The American Rescue Plan, passed almost one year into this pandemic, rounded out trillions of dollars in federal emergency relief and marked a significant downpayment for economic recovery. Provisions like an expanded Child Tax Credit, extensions to unemployment insurance, funding for vaccine funds, and additional cash payments are important to sustain workers, families, and communities and keep the economy afloat. Yet, these are still only a down payment on true economic recovery.
The COVID-19 pandemic and recession exacerbated long-standing inequities in the U.S. economy, especially for Black, brown, and Indigenous communities, but it did not create them. An economy that works for all of us will require more significant, long-term, structural investments to ensure our economy is more prosperous and equitable than simply returning to the economic conditions of January 2020. After the discussion you’ll know:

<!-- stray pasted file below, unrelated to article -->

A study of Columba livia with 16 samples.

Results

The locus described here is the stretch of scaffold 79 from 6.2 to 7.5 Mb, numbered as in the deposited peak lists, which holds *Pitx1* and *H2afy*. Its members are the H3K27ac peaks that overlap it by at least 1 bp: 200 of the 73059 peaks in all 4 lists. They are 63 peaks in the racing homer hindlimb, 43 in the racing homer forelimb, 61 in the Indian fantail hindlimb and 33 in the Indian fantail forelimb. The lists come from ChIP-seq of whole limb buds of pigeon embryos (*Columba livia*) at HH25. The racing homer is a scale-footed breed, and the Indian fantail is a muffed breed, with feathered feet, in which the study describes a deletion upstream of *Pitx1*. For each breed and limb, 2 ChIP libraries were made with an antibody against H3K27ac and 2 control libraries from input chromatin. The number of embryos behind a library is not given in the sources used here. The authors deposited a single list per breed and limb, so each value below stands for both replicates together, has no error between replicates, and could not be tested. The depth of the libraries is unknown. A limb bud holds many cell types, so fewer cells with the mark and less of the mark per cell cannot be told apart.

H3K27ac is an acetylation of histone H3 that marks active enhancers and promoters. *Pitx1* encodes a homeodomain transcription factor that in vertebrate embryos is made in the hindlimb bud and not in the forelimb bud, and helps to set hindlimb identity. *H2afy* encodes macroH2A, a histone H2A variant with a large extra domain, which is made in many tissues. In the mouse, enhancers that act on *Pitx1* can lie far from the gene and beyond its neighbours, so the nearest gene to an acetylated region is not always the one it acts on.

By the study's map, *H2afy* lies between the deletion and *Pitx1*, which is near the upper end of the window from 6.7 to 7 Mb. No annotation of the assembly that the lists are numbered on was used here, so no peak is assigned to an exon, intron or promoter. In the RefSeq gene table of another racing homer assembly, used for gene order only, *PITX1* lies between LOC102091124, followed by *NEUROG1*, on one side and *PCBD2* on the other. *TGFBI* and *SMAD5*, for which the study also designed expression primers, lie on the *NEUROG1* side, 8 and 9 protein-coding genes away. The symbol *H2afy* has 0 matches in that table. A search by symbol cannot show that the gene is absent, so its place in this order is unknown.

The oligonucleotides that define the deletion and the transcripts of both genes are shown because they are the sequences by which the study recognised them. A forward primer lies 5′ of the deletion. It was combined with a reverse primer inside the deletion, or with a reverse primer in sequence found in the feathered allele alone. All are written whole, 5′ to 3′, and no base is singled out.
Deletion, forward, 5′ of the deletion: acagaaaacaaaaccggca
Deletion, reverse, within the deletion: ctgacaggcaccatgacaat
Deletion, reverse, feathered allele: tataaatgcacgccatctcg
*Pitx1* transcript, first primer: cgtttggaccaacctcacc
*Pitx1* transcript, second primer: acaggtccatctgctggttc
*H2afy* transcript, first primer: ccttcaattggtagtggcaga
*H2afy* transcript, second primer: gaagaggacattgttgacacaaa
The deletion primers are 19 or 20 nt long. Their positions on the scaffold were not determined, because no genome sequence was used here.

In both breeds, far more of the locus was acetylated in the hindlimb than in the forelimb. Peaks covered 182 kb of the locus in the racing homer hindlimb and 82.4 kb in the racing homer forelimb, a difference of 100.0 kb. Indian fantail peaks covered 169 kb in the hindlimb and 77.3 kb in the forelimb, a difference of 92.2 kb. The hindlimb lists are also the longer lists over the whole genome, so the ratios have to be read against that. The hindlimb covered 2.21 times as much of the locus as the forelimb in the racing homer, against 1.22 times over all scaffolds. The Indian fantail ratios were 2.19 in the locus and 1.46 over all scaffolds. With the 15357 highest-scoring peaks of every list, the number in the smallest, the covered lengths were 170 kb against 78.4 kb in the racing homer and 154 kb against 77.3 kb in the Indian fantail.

• Areas for more equitable infrastructure investment specifically for climate and caregiving economies
• The concerns of BIPOC communities identifying what gaps still exist in these areas
• How we build upon federal relief efforts to recover better than 2020 levels
Anna Gifty Opoku-Agyeman is our moderator and will lead the interview discussions. Rakeen Mabud, Managing Director of Policy and Research & Chief Economist, Groundwork Collaborative will talk about the Care Sector; and Trevor Higgins, Senior Director of Domestic Climate and Energy Policy, Center for American Progress, will talk about the Climate sector.